Isn’t it fascinating to be surrounded by marvelous colorful paintings and graffiti’s as you walk down the streets? Even if it’s for some few minutes it surely does feel like for while you get to be immersed in Alice’s wonder land. They’re new refreshing, with messages of great values some might show contempt some make you end up in laughter with their comic touch, some are simply beautiful and some are terrifying… But nobody can deny that they are amazing.
Street art is any art developed in public spaces – that is, “in the streets”, for many the term usually refers to art of an illicit nature, an art of opposition and rebellion (as opposed to, for instance, government or community art initiatives). The term can include traditional graffiti artwork, though it is often used to distinguish modern public-space artwork from traditional graffiti and the overtones of gang territoriality and vandalism associated with it. Street art is seen more in cities, in the suburbs it hasn’t really developed into a big scene yet, so if there is a message that this works carry behind; they deliver it well and clearly obvious.
There are different ways of producing street art the most common are: first one is a way of producing street art is stenciling, a stencil is made by cutting out a printed or hand drawn picture in specific areas as to produce an image after applying spray-paint. Famous Street artists like Banksy use this technique a lot. The second way of making street art is called “wheat pasting”, which is when you use a homemade paste to roll over an image you printed. The third way of creating street art is called sticker art, also called slap tagging or just simply slapping. Stickers are usually made with USPS Priority Mail Stickers or using homemade stickers with homemade adhesive. This is very similar to “wheat pasting”.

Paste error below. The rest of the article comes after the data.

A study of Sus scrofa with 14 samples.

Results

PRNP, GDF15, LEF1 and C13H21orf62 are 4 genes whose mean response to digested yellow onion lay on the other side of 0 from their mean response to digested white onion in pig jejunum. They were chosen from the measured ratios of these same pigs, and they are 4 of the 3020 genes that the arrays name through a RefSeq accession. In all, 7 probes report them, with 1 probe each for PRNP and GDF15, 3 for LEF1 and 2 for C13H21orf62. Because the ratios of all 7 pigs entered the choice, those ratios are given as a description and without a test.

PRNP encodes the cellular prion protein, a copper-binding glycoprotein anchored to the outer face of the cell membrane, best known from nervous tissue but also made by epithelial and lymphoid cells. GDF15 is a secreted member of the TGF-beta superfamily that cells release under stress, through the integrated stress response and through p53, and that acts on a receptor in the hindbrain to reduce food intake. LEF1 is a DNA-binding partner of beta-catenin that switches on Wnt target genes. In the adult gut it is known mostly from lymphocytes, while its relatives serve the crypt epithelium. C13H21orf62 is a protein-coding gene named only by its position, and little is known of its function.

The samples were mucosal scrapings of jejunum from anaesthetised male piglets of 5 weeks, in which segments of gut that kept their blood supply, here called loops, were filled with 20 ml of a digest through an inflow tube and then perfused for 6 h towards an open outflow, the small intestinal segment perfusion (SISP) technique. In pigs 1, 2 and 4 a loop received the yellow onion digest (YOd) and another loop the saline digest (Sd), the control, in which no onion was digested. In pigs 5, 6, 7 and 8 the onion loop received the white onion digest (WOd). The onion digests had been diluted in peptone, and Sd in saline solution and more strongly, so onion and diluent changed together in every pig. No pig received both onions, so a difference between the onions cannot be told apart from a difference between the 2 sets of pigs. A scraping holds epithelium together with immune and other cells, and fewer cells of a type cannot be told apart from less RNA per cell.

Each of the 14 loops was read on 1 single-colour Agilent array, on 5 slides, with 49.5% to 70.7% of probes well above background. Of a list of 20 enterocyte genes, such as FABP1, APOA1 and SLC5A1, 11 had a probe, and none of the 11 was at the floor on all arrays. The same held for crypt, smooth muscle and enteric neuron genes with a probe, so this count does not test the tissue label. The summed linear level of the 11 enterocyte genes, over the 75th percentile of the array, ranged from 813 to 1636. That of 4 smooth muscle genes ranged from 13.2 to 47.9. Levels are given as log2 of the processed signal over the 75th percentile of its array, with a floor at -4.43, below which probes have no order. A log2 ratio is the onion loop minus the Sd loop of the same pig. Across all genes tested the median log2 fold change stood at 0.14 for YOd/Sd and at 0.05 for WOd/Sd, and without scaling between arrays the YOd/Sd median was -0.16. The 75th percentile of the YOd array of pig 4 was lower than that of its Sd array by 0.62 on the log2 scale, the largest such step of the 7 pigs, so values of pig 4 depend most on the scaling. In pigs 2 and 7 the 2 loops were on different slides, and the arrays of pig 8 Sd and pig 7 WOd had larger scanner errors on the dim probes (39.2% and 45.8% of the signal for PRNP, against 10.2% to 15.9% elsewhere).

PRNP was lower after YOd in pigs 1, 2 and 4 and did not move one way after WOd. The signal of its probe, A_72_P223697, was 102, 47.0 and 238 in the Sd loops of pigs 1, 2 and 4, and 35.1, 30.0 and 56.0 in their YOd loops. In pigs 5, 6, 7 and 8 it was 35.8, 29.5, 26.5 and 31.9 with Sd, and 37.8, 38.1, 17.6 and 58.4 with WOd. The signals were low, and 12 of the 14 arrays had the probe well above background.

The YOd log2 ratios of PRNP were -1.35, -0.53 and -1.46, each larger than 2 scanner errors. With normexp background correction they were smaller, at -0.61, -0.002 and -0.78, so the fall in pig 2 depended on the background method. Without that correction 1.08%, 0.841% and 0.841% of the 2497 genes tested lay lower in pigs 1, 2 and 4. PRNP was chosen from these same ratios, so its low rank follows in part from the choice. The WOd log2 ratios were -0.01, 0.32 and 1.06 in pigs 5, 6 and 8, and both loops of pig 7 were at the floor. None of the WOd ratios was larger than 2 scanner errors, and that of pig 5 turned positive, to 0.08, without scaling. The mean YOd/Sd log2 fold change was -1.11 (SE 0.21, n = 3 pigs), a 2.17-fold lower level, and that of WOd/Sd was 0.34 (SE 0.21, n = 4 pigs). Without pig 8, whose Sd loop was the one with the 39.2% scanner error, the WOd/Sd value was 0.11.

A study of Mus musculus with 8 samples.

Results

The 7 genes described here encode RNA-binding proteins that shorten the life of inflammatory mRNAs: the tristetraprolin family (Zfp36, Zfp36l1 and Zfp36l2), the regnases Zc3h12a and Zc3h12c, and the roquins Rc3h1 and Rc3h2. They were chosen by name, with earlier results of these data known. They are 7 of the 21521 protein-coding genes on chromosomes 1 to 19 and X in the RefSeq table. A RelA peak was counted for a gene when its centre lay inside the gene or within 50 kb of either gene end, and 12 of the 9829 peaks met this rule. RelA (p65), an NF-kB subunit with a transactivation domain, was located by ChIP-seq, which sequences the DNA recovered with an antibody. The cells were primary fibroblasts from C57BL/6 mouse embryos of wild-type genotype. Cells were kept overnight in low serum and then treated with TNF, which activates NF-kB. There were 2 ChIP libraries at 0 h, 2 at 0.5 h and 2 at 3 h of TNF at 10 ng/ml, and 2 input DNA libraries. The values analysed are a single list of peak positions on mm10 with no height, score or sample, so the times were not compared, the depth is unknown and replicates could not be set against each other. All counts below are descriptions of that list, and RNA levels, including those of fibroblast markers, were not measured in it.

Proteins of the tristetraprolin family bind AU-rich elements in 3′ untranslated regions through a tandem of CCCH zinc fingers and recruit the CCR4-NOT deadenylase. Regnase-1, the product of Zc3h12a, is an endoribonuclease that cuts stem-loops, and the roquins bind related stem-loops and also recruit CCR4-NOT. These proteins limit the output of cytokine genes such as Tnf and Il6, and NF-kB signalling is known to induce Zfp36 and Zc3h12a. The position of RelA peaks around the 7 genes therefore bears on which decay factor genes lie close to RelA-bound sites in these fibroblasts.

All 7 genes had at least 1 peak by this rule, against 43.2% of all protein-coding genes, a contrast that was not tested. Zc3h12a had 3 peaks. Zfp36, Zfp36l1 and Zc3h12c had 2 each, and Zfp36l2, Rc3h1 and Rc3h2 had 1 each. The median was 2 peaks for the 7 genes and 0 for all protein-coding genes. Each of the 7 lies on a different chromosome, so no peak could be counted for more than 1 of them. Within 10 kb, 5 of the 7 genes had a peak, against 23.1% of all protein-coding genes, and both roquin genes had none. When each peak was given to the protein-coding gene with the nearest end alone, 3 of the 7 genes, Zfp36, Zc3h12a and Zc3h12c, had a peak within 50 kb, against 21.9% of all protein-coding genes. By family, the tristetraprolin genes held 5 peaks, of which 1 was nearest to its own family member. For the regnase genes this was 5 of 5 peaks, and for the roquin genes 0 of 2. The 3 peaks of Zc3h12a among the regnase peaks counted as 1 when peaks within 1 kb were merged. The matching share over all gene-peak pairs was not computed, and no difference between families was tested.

Rather than using traditional paint or wheat paste methods in a 2D platform, it is used in this process three-dimensional resins. These sculptures come in all sizes and fit in the holes of buildings and pipes found while walking around. The finished shapes represent geodes, crystal, quartz, or any mineral formation that one would normally find in nature, now in our planned out cities.
Many young artists seem to be absorbed in this type of art, it seems like it reflects their energetic and dynamic young soul. And it is also known that in different countries of Europe and the U.S. playing around with color-sprays while watching out for the cops has been one of the youth’s favorite hobbies. And this is when the whole concept of rebellion gets attributed to the street arts, while some of it is made illegally and is associated with vandalism, a large amount of the murals are commissioned and legal.
Vandalism or not, though at the sight of these works almost every single of us subconsciously opens their mouth and remain astonished. Weather it is legal or not the speared colors leave a huge impression in our memories: doesn’t matter if it is bad or good, safe or dangerous; they lug in them some beauty, some artistic attractiveness.